An article in the November issue of Working Mother discusses the research and ideas behind using the birth control pill to totally suppress menstrual periods. The normal procedure has been to take the pill for 21 days, and then have 7 days without, allowing for bleeding to take place, a kind of artificial menstrual period.

Now there is research being done which if accepted by the FDA could lead to the prescription of the pill being taken continuously to avoid having periods all together or at the most to have 3-4 periods a year.

Part of the logic behind this thinking is that women have more periods now than ever before. It mentions that children often begin their periods as early as 9-10 years of age, and with many women delaying having children until their thirties and then often having only 1-2 children, there is increased hormonal "wear and tear" from repeated menstrual cycles.

The article is interesting in that it articulates the position that relieving women of menstrual periods may prevent many period related diseases, especially ovarian and uterine cancer. It suggests that having too many periods may increase the likelihood of ovarian or uterine cancer. The article does give the alternative opinions of some doctors in the field who question the logic and science behind this thinking, citing there is no evidence as yet supporting these theories, but all in all one feels the article slants in favor of the former opinion.

There is truth in the fact that in the past women would be having more children and therefore would be having less periods and that this is one factor that can prevent cancer in women. However, as with the use of many drugs, how do we really know the implications of taking hormones continually to regulate and suppress menstrual cycles.

The article suggests that the pill may benefit women who want to have children when they are older, as "anytime you stop ovulation, youre preserving eggs,which improves the chance for reproductive success in later years." Do we really know that? Could it not also be the opposite, where after taking the pill for many years, it may be harder to become pregnant. Apparently not, according to some experts quoted in the article.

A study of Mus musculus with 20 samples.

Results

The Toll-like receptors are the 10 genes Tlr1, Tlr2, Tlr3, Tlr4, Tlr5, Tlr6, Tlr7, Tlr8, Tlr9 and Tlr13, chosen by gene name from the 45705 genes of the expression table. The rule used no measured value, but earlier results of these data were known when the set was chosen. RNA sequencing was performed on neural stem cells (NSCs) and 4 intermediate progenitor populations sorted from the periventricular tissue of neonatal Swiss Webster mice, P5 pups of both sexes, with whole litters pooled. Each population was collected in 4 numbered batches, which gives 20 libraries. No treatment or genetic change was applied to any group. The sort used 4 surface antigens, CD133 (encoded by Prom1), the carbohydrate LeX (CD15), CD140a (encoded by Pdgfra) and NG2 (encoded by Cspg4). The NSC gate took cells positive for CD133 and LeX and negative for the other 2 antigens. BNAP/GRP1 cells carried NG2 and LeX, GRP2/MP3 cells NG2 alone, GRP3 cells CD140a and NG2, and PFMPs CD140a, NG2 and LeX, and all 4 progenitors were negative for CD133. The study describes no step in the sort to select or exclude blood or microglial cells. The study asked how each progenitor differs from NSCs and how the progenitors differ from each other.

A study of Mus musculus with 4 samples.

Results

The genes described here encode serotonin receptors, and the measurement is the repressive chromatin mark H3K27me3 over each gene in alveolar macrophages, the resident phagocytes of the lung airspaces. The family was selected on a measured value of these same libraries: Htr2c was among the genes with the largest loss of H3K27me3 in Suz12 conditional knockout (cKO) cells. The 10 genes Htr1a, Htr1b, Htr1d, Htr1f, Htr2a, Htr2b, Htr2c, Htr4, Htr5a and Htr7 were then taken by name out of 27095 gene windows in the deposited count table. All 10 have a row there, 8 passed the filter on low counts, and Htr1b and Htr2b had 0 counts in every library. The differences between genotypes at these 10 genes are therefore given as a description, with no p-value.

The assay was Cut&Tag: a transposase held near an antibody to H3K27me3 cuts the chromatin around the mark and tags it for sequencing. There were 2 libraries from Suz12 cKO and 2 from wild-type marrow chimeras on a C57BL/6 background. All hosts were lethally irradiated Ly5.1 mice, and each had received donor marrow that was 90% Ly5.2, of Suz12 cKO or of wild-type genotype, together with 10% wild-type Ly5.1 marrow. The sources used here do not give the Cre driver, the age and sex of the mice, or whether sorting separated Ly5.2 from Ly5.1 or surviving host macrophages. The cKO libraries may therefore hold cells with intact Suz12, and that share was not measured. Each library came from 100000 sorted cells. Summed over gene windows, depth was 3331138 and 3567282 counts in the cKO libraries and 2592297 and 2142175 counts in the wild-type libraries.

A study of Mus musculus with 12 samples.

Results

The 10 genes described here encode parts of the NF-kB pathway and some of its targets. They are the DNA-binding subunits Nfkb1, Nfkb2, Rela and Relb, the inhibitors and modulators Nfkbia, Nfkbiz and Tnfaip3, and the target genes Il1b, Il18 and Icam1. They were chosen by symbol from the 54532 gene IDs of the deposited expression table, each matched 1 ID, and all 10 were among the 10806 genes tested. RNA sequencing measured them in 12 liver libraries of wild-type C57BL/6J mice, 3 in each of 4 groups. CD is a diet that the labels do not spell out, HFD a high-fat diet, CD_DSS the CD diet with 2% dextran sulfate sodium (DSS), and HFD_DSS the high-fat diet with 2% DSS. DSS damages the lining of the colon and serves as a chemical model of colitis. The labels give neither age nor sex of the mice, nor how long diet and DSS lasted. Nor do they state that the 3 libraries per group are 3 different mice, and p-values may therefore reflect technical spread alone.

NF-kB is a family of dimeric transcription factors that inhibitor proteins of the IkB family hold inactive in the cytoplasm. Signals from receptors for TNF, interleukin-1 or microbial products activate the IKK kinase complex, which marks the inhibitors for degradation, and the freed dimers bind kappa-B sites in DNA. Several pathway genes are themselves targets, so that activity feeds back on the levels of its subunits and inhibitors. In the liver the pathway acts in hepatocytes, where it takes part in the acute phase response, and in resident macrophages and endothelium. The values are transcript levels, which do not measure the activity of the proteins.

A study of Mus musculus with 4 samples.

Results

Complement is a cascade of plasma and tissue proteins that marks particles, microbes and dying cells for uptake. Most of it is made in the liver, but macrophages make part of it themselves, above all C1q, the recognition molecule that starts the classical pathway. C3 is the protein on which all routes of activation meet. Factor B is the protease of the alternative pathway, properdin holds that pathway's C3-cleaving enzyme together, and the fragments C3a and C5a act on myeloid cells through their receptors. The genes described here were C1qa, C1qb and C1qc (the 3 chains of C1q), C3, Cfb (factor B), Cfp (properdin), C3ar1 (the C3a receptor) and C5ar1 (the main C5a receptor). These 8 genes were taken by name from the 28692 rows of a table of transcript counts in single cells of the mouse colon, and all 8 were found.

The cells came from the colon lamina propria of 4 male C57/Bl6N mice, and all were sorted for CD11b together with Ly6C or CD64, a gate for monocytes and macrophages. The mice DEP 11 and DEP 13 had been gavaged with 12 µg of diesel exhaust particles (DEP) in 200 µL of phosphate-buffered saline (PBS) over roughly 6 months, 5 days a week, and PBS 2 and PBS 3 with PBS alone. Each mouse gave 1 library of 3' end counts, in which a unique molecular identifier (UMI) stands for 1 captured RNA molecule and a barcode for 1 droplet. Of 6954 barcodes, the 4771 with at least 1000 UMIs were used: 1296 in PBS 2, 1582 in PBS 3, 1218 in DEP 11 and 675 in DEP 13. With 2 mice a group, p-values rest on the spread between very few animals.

We already know that taking the pill can increase the risk of blood-clotting problems and also for stroke and heart disease in those at risk, and as the article also mentions, it can be risky for women suffering from migraines or hypertension, or those that smoke over the age of 35 or have liver disease. There is also controversy over whether the pill increases the risk of breast cancer. Apparently not, according to the Centers for Disease Control, but it has to be said that the explosion in breast cancers in general may well have a hormonal link to them, including the use of the pill over the last 30 years.

Already the pill is being actively used by doctors in women over 40 years of age, to treat menstrual disorders. The logic is to control the hormones through the 40s and then lead people straight into hormone replacement therapy as they go through the menopause.

It has to be questioned whether this is just seeing menstruation and menopause as pathological processes that need to be controlled and manipulated by medicine, a symptom of patriarchal medicine on the female body. Or is it just the application of benign science to assist us in dealing with the bodys limitations.

The fact is, for some women, the pill is a nightmare, for others it is a great experience. Taking hormones to deal with the difficulties of menstruation or menopause is one way to deal with it, but it is by no means the only one. Look at natural alternatives as well. There are many ways to help with difficult menses naturally. Drugs arent the only way to go.